Recommended Lifestyle Changes for Patients With PAD
Peripheral artery disease (PAD) is a common condition that occurs when fatty deposits or plaque build up inside the vessels that carry blood to the legs and feet. In severe cases, it can lead to disability or the loss of a foot or leg to amputation.
Fortunately, mild cases of PAD can sometimes be treated with lifestyle changes and/or medication. The physicians at Vascular & Vein Institute of Siouxland recommend the following lifestyle changes for patients with PAD.
While more than half of people with PAD don’t exhibit any symptoms, it’s important to know what to watch for.
- Discomfort, fatigue, heaviness, and cramping in the leg muscles during activity
- Pain in the legs and/or feet that disturbs sleep
- Sores or wounds on toes, feet, or legs that heal slowly or not at all
- Color changes in the skin of the feet, including paleness and blueness
- Lower temperature in one leg compared to the other leg
- Poor toenail growth and/or decreased hair growth on legs
If you begin to exhibit symptoms, it’s important to closely monitor them to provide your physician with as much information as possible. The physicians at Vascular & Vein Institute of Siouxland recommend writing down symptom information in a notebook.
2. Have annual checkups with your primary care physician.
Annual checkups and screenings with your primary care physician are integral to your health. These visits can help to identify health issues before they progress into a bigger problem.
3. Treat high cholesterol as recommended.
High cholesterol is one of the risk factors for developing PAD because it contributes to the buildup of plaque in the arteries. Having your cholesterol checked regularly is recommended for everyone, but especially those with PAD. For those with high cholesterol and PAD, follow your doctor’s recommendations for managing your cholesterol.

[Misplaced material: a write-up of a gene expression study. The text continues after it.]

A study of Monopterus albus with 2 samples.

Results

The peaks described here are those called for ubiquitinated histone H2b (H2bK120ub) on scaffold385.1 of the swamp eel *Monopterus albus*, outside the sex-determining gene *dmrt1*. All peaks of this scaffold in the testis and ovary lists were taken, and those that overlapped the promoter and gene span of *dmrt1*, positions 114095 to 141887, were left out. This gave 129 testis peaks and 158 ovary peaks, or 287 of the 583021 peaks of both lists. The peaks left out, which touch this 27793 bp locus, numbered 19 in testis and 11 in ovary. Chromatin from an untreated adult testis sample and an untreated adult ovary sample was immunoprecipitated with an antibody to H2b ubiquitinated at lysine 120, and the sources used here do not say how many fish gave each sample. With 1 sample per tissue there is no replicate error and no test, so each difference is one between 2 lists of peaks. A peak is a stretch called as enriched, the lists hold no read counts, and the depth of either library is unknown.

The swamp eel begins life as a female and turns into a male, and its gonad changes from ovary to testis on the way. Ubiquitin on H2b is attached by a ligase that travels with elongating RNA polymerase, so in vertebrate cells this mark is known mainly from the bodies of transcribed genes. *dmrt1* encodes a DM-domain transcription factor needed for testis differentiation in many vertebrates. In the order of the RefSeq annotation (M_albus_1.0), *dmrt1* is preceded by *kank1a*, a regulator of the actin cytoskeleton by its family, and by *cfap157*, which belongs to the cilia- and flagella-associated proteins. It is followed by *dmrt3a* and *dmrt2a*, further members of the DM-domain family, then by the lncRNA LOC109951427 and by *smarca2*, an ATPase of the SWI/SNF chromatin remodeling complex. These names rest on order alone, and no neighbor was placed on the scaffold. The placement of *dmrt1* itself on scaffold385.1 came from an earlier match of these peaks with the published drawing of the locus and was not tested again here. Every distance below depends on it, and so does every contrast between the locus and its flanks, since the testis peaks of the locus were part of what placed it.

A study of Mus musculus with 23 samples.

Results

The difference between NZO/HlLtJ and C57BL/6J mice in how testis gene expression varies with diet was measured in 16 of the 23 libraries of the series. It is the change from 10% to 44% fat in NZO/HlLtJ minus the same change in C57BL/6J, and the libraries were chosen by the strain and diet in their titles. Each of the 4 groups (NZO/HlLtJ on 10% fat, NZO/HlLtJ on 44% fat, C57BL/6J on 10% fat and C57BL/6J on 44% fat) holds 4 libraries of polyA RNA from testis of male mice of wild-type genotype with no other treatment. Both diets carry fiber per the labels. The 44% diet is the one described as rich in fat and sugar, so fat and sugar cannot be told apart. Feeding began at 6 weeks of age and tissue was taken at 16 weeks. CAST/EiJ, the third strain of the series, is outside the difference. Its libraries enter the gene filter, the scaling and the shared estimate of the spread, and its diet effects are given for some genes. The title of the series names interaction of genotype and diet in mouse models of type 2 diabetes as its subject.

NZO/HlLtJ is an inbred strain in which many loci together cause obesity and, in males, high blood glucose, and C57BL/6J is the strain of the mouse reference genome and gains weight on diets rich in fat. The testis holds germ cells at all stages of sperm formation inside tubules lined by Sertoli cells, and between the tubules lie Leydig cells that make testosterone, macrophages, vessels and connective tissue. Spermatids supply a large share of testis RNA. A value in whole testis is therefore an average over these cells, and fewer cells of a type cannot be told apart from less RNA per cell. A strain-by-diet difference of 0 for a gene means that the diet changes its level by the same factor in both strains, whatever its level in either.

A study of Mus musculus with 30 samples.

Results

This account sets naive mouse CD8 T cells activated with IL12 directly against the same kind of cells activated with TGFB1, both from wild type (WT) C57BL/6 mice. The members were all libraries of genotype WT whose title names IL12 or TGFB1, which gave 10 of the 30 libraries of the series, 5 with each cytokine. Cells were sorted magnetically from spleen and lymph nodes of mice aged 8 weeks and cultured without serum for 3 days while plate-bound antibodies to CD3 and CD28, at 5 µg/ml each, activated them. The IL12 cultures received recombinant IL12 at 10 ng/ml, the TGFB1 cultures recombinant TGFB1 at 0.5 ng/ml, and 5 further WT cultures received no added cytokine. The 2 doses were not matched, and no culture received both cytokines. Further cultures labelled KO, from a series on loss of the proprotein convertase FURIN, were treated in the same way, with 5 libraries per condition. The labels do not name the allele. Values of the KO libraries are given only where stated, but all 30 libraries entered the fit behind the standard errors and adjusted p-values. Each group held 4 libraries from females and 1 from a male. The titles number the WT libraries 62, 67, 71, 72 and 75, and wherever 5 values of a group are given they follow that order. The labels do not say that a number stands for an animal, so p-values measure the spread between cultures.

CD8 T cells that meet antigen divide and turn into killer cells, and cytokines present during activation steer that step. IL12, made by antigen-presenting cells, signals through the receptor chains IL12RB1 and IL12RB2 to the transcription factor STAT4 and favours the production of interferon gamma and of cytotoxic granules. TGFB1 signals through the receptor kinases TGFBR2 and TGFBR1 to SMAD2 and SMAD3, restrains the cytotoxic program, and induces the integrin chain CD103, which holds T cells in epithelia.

4. Focus on healthy eating.
A healthy diet should include a variety of fruits and vegetables, lean meats like poultry and fish, nuts and legumes, and whole grains. The American Heart Association advises, “Limit saturated fat, trans fat, sodium, red meat, sweets and sugar-sweetened beverages. If you choose to eat red meat, compare labels and select the leanest cuts available.”
Long-lasting lifestyle changes for patients with PAD like eating a healthy, balanced diet can help to limit the progression of the disease and promote overall health.
5. Quit smoking.
Smoking is a risk factor for developing PAD. In addition to being a risk factor, continuing to smoke with PAD may lead to a more severe case of the disease. It is recommended that those with PAD quit smoking as soon as possible and avoid secondhand smoke.
6. Treat diabetes as recommended.
According to the National Heart, Lung, and Blood Institute, “One in every three people over the age of 50 with diabetes is likely to have P.A.D.” For those with diabetes and PAD, follow your doctor’s recommendations for managing your diabetes.
7. Maintain a healthy weight.
If you are overweight or obese, losing weight can help to reduce the severity of PAD and other risk factors like high cholesterol, diabetes, and high blood pressure. The physicians at Vascular & Vein Institute of Siouxland recommend working with your primary care physician to develop a safe and effective weight loss plan.
8. Limit alcohol consumption.
Excessive alcohol consumption can lead to worsening for several PAD risk factors like high cholesterol and high blood pressure. According to the Dietary Guidelines for Americans, “If alcohol is consumed, it should be in moderation—up to one drink per day for women and up to two drinks per day for men.”
9. Treat high blood pressure as recommended.
High blood pressure is one of the risk factors for developing PAD because it increases your risk of developing plaque in the arteries. Having your blood pressure checked regularly is recommended for everyone, but especially those with PAD. Follow your doctor’s recommendations for managing your high blood pressure.
10. Engage in regular exercise.
Regular exercise can help improve your overall health, including your vascular health. According to the Physical Activity Guidelines for Americans, “Adults gain most of these health benefits when they do the equivalent of 150 to 300 minutes (2 hours and 30 minutes to 5 hours) of moderate-intensity aerobic physical activity each week.”
The physicians at Vascular & Vein Institute of Siouxland recommend working with your primary care physician to develop a safe exercise plan.